Metropolis, a Movie 95 Years Young

By Ian Odell | Staff Writer

5 mins read

One of the first observations I made when viewing “Metropolis” is what a highly longitudinal film it is. Much of the action within the movie is dependent on the upward and downward movement of a central elevator, which connects the upper level of the Metropolis, largely inhabited by the wealthy professional class, with a subterranean workers’ city. Throughout the film, the elevator itself becomes a character of its own, often signifying plot transitions as tension between the lower and upper class builds and finally explodes. The disconnect between the upper and lower classes is perhaps best exemplified by the headquarters of the city master, Fredersen, called “The New Tower of Babel.”


I didn’t find the protagonist, Freder, to be an interesting or compelling character. However, I also do not necessarily believe that the director intended him to be. Freder instead seems to function as a stand-in for the audience, gasping in horror at the conditions endured by the workers, and later becoming disturbed by the ignorance of the workers as they, whipped into a populist furor, destroy the very machines which protect their homes from flooding. 

I find Rotwang to be a delightful character, and arguably the most compelling, capturing so many of the anxieties both present in 1927 and today regarding the dangers of modern technological advancement. Rotwang kidnaps Maria, an inspirational, Christ-like figure for the workers, and creates a disturbing robot copy of her, unleashing her to command them to destroy the machines that keep Metropolis running. The acting performance by Brigitte Helm as both Maria and her eventual robot clone can only be described as both stunning and incredibly unnerving. As the Machine Man, her unnatural movements, the twisting and bending of her neck and limbs in an inorganic fashion and yet her clearly organic form to me reflect very modern anxieties about the rise of artificial intelligence. “Metropolis,” topically, invokes current conversations over the dangerous potential for the creation of deep fakes of celebrities and political figures using artificial intelligence, and the question of what distinguishes human creations from that of AI.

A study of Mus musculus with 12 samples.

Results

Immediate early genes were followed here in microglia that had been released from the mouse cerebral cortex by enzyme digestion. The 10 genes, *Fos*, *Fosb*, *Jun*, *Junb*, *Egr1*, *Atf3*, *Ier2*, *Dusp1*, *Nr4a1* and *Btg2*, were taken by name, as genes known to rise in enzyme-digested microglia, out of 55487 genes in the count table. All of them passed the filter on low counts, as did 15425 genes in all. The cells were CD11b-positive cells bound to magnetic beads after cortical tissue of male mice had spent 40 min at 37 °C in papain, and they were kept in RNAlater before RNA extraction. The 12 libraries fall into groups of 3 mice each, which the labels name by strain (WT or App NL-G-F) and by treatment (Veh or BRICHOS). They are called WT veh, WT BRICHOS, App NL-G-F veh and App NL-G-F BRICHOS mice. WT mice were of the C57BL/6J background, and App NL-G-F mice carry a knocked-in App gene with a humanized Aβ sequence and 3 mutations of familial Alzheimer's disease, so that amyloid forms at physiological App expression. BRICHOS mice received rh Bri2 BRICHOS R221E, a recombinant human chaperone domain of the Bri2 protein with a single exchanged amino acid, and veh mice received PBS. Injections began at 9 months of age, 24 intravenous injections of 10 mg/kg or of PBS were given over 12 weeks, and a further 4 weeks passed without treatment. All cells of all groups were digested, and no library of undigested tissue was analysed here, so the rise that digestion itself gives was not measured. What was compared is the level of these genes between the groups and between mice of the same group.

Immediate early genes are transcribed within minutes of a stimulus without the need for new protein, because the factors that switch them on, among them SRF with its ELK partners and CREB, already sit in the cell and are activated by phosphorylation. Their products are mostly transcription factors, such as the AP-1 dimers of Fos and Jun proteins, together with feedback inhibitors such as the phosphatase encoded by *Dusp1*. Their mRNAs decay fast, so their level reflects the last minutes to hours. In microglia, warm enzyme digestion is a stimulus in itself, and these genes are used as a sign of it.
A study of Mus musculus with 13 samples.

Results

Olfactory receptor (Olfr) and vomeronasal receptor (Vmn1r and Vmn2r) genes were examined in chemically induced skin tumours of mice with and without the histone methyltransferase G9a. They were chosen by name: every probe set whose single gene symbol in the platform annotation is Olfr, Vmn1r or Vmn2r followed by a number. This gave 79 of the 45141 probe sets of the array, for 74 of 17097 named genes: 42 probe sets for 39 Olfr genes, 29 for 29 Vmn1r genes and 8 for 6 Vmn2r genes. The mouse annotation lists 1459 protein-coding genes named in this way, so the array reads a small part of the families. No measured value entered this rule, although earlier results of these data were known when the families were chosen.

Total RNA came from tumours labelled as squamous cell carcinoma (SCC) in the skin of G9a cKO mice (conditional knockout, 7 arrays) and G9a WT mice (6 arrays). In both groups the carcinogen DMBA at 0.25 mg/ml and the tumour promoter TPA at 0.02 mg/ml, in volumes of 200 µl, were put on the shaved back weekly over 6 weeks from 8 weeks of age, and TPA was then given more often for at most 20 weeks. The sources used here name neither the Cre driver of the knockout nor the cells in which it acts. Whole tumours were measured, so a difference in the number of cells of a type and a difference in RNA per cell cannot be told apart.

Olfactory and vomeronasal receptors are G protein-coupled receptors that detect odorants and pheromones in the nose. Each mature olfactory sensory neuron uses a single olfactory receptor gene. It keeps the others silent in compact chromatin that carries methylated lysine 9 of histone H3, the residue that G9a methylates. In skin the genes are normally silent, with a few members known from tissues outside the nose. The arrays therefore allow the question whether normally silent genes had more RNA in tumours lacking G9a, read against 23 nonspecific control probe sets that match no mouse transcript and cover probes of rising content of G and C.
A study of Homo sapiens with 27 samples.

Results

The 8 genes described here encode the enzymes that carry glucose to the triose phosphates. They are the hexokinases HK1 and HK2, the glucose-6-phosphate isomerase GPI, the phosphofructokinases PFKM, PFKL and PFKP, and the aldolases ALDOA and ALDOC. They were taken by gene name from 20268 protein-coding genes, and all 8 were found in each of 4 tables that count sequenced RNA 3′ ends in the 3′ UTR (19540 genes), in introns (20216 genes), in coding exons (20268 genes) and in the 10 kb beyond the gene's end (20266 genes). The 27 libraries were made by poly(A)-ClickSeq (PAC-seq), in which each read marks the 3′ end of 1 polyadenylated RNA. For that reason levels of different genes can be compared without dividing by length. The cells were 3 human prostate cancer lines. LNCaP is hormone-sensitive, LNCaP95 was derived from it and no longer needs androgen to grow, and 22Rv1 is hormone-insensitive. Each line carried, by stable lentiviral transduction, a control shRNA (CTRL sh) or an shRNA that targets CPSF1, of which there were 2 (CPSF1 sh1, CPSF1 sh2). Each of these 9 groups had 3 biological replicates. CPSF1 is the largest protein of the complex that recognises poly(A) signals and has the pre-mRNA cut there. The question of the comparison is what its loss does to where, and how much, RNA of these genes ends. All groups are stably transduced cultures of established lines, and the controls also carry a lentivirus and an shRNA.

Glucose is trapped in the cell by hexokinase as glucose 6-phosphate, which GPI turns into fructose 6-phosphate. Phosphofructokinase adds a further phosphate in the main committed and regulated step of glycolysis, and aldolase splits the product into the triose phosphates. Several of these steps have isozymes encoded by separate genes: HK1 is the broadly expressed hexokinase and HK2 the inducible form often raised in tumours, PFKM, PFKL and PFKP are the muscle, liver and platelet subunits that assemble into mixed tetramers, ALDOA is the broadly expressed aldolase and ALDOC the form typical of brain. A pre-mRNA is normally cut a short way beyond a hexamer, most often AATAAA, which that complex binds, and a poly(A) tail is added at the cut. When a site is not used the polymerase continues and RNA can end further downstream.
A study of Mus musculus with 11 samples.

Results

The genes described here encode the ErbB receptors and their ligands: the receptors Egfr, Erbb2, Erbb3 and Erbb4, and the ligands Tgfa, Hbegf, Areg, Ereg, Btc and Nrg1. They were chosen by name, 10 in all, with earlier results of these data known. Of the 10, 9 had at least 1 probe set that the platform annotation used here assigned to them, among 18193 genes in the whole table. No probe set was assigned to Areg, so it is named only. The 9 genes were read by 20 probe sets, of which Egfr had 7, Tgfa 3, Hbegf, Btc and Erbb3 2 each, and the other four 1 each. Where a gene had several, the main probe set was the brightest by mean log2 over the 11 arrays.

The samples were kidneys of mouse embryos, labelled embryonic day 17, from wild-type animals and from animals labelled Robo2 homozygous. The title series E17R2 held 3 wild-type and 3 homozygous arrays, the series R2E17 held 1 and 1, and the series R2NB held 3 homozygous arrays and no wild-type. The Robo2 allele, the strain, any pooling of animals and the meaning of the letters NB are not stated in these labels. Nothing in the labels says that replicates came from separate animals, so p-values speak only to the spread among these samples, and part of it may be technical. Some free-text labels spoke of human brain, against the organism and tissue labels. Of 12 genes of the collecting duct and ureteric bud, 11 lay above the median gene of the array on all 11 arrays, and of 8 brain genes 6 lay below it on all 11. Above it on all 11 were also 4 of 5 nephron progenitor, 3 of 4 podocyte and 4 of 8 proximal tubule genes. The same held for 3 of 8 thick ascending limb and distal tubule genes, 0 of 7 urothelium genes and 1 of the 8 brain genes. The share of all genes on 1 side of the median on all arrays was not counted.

To conclude my review, I can only give my greatest recommendation of the film to any reader curious about the origins of the science fiction genre, filmmaking as a whole or anyone wanting to see a perpetually relevant cinematic masterpiece.

Ian Odell is a first year majoring in international relations.